Fighting for biomass and working together


We wrote back in July about a tax exemption for woody biomass that is being threatened in Washington state. Despite an immense need for renewable energy, the Joint Legislative Audit and Review Committee (JLARC) recommended that the 2009 tax exemption be allowed to expire in 2013.

Just recently a citizen committee called the Citizen Commission for the Performance Measurement of Tax Preferences took up the issue and will hold a hearing Sept. 23 and then make a recommendation to the Legislature. The commission took testimony last week, and timber and paper companies came by to make their case, according to the Olympian.

Lobbyists from Longview Fibre, the Washington Forest Protection Association and the Northwest Pulp and Paper Association showed up to point out that legislative intent can be hard to define and that lawmakers were not actually intending to end the tax break.

“If it was intended to expire and go away completely, that is news to me,” testified John Ehrenreich, a tax-policy expert for the timber-backed forest protection group. Ehrenreich said he actually wrote the original bill before it was merged with other tax breaks into a larger renewable energy bill in 2009.

Ehrenreich acknowledged that the hog-fuel portion carried an expiration date. But he said that was because the industry was “fully intending to come back in a few years and go through a review process like we’re talking about here” with hopes of retaining it.

The Capital Press this week interviewed William Ruckelshaus, the first administrator of the Environmental Protection Agency who now lives in Seattle. He is also the chairman of the William D. Ruckelshaus Center, a collaborative problem-solving institution of the University of Washington and Washington State University.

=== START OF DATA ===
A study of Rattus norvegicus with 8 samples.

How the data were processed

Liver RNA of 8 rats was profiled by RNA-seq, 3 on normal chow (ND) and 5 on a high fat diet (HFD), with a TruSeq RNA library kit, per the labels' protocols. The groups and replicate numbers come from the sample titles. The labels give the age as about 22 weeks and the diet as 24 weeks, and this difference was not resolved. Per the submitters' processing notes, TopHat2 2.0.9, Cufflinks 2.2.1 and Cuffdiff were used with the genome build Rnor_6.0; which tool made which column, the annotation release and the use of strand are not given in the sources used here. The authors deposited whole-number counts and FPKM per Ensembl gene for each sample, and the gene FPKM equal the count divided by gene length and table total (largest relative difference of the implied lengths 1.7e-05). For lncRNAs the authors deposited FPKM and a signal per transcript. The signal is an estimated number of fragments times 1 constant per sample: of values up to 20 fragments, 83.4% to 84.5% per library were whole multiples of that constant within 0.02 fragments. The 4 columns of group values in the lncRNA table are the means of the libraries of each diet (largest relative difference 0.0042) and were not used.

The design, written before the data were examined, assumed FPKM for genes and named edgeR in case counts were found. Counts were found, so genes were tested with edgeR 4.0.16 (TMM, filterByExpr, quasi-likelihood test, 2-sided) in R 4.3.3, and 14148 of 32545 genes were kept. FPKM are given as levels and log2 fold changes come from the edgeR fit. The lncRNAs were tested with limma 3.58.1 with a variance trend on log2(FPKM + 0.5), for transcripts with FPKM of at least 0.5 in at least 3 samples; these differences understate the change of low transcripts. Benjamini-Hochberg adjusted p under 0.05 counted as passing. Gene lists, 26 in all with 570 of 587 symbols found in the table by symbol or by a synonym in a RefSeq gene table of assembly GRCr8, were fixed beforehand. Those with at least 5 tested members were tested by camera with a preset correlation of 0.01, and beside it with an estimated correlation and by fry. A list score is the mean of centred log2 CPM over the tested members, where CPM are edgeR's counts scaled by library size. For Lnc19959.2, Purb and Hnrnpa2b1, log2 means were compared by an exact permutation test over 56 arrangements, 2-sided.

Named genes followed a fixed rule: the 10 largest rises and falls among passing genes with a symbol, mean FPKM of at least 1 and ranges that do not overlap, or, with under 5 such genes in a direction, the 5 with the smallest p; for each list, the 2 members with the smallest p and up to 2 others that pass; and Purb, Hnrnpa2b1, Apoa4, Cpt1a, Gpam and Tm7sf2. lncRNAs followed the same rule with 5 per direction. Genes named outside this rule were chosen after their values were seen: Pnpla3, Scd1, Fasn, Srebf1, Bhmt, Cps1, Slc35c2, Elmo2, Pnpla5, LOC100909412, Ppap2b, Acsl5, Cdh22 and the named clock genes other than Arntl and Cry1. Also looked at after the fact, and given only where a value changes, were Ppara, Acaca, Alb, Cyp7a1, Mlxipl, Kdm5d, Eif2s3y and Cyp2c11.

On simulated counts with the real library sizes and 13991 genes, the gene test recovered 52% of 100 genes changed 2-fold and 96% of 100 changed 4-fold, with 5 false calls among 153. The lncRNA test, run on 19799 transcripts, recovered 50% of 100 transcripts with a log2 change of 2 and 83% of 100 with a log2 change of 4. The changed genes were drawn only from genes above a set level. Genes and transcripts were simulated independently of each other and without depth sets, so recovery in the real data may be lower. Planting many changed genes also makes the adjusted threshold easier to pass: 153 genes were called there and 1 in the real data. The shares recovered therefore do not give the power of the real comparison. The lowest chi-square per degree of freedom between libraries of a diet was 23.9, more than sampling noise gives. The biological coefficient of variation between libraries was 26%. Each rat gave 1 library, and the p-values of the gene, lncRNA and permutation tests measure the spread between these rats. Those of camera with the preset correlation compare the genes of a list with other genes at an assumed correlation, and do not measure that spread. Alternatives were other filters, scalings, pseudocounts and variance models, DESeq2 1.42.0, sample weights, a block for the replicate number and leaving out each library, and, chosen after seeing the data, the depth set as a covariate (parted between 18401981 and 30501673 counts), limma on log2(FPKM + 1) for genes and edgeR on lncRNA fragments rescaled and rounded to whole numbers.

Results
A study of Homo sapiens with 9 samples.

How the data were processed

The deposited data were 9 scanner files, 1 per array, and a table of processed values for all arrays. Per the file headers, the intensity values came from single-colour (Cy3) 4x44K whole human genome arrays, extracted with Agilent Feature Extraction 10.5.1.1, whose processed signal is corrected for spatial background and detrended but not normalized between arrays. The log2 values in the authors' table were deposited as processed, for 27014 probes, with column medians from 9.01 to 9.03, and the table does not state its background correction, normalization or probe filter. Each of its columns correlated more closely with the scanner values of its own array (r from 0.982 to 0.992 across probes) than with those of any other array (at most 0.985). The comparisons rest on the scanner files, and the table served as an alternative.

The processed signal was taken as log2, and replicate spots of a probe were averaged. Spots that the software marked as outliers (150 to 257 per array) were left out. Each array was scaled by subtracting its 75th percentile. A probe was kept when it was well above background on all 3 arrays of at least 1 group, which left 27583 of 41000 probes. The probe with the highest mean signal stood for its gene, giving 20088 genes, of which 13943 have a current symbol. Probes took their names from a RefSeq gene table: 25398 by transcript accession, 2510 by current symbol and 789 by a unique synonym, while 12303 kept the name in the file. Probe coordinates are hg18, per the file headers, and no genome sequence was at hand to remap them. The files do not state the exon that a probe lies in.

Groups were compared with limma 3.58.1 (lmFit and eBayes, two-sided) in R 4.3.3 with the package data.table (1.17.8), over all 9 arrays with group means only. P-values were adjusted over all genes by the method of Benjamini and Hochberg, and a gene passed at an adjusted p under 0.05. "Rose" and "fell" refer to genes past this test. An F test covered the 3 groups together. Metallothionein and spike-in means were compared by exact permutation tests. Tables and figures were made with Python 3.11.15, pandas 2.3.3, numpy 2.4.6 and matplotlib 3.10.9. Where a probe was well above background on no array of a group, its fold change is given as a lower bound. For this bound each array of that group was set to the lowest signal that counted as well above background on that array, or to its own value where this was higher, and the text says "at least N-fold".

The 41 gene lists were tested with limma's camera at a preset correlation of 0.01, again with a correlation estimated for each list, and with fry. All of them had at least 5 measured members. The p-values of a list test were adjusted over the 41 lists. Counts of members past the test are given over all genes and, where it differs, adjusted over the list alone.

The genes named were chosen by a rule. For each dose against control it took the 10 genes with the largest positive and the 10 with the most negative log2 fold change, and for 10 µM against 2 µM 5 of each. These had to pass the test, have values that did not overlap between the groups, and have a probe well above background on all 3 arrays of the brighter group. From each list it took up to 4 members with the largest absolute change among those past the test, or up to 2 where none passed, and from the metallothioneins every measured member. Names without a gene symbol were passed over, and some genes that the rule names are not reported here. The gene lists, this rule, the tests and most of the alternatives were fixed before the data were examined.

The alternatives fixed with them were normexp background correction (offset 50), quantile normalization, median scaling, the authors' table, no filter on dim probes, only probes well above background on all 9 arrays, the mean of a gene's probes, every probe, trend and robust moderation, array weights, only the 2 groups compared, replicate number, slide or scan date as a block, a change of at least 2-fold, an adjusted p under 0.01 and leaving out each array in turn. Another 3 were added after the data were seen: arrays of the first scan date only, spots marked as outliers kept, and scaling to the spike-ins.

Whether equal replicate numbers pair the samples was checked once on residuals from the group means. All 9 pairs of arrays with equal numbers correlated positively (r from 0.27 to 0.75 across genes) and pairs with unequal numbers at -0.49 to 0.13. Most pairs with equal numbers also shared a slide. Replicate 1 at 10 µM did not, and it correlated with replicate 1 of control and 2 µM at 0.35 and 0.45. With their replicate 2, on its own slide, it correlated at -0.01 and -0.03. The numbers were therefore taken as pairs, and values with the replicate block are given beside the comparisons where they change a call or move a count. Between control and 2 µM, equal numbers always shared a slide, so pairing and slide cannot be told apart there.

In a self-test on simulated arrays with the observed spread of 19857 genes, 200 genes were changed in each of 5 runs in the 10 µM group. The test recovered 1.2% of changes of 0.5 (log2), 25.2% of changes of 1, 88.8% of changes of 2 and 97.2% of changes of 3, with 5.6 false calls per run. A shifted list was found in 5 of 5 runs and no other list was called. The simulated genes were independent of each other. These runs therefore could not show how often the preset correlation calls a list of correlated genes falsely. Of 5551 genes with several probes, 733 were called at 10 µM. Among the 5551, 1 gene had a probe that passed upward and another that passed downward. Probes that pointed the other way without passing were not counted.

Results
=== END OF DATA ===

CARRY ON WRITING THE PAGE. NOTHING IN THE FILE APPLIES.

With the mere existence of the EPA being currently threatened by House Republicans, Ruckelshaus is an important figure to weigh in on the debate over federal environmental regulation. His center at UW just helped “Washington state’s agricultural industry, environmental interests and counties hammer out a framework for cooperation on critical habitat areas that was enacted by the 2011 Legislature,” according to the Capital Press, and he believes collaboration is key.

Here is an excerpt from the full interview:

A: …If I’m a landowner and someone is running a highway through my land, I may not like it, but at least I’m being compensated for it. If I’m forced to put buffers alongside streams that run through my land in order to protect salmon, sometimes those buffers take a significant amount of my land, and I think they should be compensated for that.

If that’s a public good and it’s being asserted against a private property owner, then why shouldn’t the public pay for it the same way they do with a highway? But we don’t.

Q: That was the plan of the Forests and Fish Law here in Washington. (Enacted in 1999, the arrangement includes compensation for trees not harvested within stream buffers.) But then the state doesn’t have money to pay for it.

A: That’s the problem. We just faced the same kind of agreement, that ended up with a statute, between the farmers, environmentalists, the tribes — (which) were involved all the way to the end — and the counties. And that law, where there’s significant harm, suggests payment. I’ve been sitting in on a committee for the last several months, about how are we going to raise the money to do that?

The federal government is very interested in it, because they can’t figure out how to solve this issue.

In the first place, some guy writing the regulation down in Olympia or in Salem, and not being on the actual land itself, can’t possibly draft a regulation that makes sense on every piece of land. So the landowner has the regulator from the government coming on their land, starting to tell him how to manage it. He’s been managing for five generations and this guy’s maybe six months out of school. Well, they’re not going to be very pleased with what they’re told to do.

This effort we’ve just finished here is an effort to get everybody at the table, defining the problem and letting the individual landowner have a lot more authority about what he should do to manage the land in such a way that it doesn’t adversely impact the environment. And compensating them where there are significant costs involved.